Look around an average charter school. The difference may be too small to be perceptible, but you might notice a few more girls than boys.
That is the provocative finding of a study released late last year examining data from charter schools across the country, with a focus on North Carolina and the KIPP network of charter schools. The results re-open the long-standing debate on whether charter schools exclude or push out certain types of students.
“The efficacy … of charter schools cannot be fully understood without attention to how students and families sort into schools,” the study’s authors write.
The latest research, conducted by Sean Corcoran and Jennifer Jennings, both of NYU, and published in the peer-reviewed journal Educational Policy, examines national trends. As of the 2010–11 school year, 50.7 percent of charter school students were girls, compared to 48.8 percent of students in traditional public schools — a small but notable gap.
This gap is larger in later grades, and it has grown as the charter sector has expanded over time.
The findings are backed up by more recent data: in the 2014–15 school year, 50.4 percent of students at charter schools were female, compared to 48.5 percent in district schools.
The researchers also look specifically at KIPP schools, which lead to large test score gains, according to past research. The study shows that KIPP schools had an even larger gender gap than other charters, serving about 3 percent more girls than similar district schools.
Steve Mancini, KIPP’s public affairs director, said the network has worked to address this and provided more recent data to Chalkbeat showing that the organization’s schools now enroll roughly the same number of boys as girls.
Tracy McDaniel, the founding school director of a KIPP school in Oklahoma City, said his school had reduced the gender enrollment gap by focusing on reducing school suspensions, which disproportionately fall on boys.
“The parents were complaining about suspensions, and boys got in more trouble than the girls,” he said. “We felt like that was a contributing factor if the parents pull out the kids, [and] they were pulling out more boys than girls.”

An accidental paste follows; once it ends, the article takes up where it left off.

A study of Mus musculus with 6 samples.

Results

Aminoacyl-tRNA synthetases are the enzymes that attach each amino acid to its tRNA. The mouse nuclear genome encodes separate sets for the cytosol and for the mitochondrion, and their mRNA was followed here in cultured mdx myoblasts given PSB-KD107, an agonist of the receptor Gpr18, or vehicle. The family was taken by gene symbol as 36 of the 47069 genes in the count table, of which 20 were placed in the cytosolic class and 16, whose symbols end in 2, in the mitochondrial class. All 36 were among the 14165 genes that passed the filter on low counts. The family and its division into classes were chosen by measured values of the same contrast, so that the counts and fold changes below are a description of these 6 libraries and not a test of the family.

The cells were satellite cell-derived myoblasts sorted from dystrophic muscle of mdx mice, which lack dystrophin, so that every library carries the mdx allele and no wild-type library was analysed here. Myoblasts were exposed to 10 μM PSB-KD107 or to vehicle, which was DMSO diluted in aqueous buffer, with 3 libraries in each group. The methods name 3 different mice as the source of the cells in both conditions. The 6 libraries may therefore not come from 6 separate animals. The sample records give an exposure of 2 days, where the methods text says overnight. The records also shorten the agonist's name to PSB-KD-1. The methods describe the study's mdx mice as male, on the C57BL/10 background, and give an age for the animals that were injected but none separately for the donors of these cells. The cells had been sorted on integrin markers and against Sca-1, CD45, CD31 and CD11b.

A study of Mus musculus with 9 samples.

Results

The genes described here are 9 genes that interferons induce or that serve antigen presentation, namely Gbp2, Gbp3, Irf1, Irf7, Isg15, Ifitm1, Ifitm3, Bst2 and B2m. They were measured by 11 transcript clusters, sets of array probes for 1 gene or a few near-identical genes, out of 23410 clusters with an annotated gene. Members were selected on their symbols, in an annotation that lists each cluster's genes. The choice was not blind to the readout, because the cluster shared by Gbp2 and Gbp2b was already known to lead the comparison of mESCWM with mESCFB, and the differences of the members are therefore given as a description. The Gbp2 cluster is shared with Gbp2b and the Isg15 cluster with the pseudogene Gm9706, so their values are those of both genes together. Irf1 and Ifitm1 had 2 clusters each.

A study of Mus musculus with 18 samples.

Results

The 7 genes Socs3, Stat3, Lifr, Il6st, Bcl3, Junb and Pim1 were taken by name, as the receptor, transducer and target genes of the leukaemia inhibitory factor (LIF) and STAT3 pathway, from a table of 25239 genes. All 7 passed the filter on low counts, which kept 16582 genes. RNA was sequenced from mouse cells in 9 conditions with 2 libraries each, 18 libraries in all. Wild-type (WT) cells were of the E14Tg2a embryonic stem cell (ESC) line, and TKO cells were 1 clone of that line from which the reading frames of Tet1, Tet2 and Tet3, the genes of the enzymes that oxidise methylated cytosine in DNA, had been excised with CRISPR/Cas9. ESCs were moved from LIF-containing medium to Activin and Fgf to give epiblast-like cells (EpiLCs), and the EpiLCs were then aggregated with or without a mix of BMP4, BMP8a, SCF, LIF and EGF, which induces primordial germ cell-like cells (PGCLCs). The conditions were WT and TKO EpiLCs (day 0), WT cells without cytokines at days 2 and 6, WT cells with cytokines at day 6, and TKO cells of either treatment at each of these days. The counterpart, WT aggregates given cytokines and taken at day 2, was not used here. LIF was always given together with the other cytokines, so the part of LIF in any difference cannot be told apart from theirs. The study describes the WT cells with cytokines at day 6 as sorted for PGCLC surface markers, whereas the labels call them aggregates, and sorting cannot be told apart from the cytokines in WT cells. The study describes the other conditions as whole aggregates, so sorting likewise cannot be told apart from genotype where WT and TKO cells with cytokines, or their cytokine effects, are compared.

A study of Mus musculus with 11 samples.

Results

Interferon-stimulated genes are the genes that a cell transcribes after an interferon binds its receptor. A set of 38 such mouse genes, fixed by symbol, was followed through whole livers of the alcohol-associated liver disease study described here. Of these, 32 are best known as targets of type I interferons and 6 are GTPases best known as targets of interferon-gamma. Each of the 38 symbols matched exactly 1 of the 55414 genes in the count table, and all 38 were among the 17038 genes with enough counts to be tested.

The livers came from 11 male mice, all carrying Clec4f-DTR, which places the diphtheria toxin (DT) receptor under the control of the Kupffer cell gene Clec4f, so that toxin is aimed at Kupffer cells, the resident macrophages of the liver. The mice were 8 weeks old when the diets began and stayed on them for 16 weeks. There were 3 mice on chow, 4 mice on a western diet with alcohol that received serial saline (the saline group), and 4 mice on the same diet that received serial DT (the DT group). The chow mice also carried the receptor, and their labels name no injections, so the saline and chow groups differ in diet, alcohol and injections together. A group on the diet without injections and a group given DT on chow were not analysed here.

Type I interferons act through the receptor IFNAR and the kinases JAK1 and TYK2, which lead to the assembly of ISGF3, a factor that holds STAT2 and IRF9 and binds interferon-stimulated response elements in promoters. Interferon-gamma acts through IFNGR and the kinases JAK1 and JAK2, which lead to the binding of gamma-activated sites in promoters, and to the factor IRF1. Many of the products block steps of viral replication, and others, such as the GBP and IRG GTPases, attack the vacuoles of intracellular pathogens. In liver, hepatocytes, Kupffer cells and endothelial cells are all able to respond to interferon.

McDaniel said that his school had gone from roughly 45 percent boys to 50 percent.
However, even a 50–50 split is different than the average traditional U.S. public school, which enrolled 3 percent more male than female students in the 2014–15 school year.
This is not the first time the charter–district gender gap has been noted, but the NYU study appears to be unique in making the question its main focus.
The reason for the gap is unclear.
Corcoran and Jennings point out that girls are disciplined less than boys, and thus might do better in schools with rigid environments. So-called “no excuses” charter schools have been criticized for strict disciplinary practices and high suspension rates; some charter advocates and operators, including KIPP, have said that they are working to reduce exclusionary discipline.
Other hypotheses include different curriculum or programs at charter schools that appeal to girls, a potential lack of services for special education students (who are disproportionately male), and parental preferences for smaller schools for girls.
The gender gap might help explain differences in performance between district and charter schools. Sophisticated research on the effects of charter schools controls for individual student characteristics, including gender, but Corcoran and Jennings point out that this might not account for peer effects — the potential for other students to influence their peers’ performance.
“Given what is known about the positive peer effects of girls for both boys and girls, the success of charter schools may be due at least in part to the gender balance in these schools,” the authors write.
“Although the gender gaps estimated here are not large enough to explain documented differences in charter and traditional school performance, they are meaningful in size.”
This gets at the heart of the debate on charter schools, and if their high test scores in some places — like Boston, Denver, New York City and other urban areas — may be a result of the students they teach rather than how well they teach.
Existing studies on this question paint a complicated picture of how charter schools differ in the students who enter, stay, and leave.
In KIPP specifically, a 2016 study found that student attrition is comparable to other nearby schools, but new KIPP students are more likely to be girls and have higher prior test scores than entering students in traditional public schools. The research estimates that peer effects are likely to explain only a small share of KIPP’s test score gains.